11:43am Friday 30th August 2013 in News
ESSEX MPs have clashed over whether Britain should take action against Syria for the alleged use of chemical weapons.
The county’s MPs took part in a debate in Parliament yesterday in response to reports Syrian President Bashar Assad’s regime had carried out a chemical weapons attack against his own people.
That put him at odds with other Essex MPs, such asBraintree Tory Brooks Newmark, who said action was “justifiable”.
Mr Baron was allowed to intervene during Prime Minister David Cameron’s opening speech in the Commons debate.
He said: “No matter how clinical the strikes, there is a real risk they would result only in escalating the violence.
“What assurances can the Prime Minister give, therefore, that this will not escalate violence, either within the country or beyond Syria’s borders?”
Mr Cameron told him the action would only be aimed at “degrading and deterring chemical weapons use”.
Mr Baron later asked Ed Miliband if Labour would support action in Syria without a UN resolution.
Mr Miliband said: “It depends on the case that has been set out and the extent to which international support has been developed.”
Mr Baron’s Conservative colleagues are more supportive about taking action. Speaking outside the debate, James Duddridge, MP for Rochford and Southend East, said: “I’m acutely aware that at the moment the majority of public opinion is to wash our hands of the situation, but I think that’s down in part to confusion.
“I think Members of Parliament should be leading public opinion and changing public opinion on this.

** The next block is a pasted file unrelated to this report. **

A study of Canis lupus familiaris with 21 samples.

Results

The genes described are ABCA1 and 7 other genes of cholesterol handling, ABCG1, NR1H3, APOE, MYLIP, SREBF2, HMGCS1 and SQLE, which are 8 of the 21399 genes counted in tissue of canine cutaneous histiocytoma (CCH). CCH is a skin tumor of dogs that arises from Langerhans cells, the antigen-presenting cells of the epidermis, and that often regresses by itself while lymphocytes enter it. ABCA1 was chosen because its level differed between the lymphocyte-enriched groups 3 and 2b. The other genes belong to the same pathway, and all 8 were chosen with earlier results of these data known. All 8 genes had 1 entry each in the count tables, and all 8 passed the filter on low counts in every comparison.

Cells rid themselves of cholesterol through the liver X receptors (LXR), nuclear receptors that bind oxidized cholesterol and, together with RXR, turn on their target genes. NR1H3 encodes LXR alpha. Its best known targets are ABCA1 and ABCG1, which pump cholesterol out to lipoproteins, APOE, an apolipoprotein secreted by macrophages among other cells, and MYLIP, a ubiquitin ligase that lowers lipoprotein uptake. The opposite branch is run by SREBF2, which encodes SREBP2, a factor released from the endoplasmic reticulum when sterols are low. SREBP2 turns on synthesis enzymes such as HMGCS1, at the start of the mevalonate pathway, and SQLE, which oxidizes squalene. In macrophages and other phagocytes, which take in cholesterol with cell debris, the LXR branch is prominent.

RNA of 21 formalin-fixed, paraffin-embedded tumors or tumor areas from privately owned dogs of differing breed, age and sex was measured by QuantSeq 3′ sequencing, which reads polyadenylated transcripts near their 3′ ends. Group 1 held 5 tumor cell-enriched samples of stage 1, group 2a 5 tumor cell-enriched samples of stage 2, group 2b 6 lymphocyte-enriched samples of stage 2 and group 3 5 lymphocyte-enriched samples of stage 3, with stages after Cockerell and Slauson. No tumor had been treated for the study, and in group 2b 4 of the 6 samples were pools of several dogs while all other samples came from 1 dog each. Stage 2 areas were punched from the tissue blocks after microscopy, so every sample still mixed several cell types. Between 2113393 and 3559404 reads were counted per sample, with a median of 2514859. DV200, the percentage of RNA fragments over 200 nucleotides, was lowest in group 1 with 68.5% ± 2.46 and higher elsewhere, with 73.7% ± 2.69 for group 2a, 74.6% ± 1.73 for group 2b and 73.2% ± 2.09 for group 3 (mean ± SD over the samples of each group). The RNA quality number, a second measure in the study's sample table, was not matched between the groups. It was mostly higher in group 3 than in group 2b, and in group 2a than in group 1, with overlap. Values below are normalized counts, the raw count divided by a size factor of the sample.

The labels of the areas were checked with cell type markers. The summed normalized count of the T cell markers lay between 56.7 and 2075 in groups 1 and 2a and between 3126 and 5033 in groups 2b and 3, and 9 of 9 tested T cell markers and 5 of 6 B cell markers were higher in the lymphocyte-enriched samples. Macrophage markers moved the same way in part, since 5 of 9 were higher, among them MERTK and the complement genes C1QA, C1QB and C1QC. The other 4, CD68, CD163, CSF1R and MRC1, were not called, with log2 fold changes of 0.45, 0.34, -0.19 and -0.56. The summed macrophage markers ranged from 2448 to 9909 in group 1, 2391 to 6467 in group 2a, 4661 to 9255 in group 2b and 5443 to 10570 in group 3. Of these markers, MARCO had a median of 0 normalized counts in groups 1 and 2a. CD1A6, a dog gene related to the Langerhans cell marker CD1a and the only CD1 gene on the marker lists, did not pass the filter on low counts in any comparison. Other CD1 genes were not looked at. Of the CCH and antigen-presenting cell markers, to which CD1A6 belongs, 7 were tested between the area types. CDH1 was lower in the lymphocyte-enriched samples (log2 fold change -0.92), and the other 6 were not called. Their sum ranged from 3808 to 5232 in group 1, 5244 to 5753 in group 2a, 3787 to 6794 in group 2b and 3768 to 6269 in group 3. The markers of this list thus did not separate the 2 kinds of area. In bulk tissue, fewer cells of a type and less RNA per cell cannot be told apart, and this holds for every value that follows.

“It is clear the Syrian regime has used chemical weapons a number of times.”
Mr Newmark, who has been to the Turkey-Syria border in recent days, added: “This is both a just war and a justifiable war and I support both the Foreign Secretary and Prime Minister, who say we can no longer stand by and do nothing.” The House of Commons was packed for the debate, with 99 MPs asking to speak on the issue.
Mr Cameron outlined the case for intervention at the beginning of the debate.
He said: “In the end, there is no 100 per cent certainty about who is responsible. You have to make a judgment.
“There is also no 100 per cent certainty about what path of action might succeed or fail, but I think we can be as certain as possible that when we have a regime that has used chemical weapons on 14 occasions, that is most likely responsible for this large-scale attack, that if nothing is done, it will conclude that it can use these weapons again and again and on a larger scale and with impunity.”
Labour leader Mr Miliband insisted he was not ruling out military intervention in Syria, but said the potential consequences of such action needed to be clear.
The motion did not call for immediate intervention.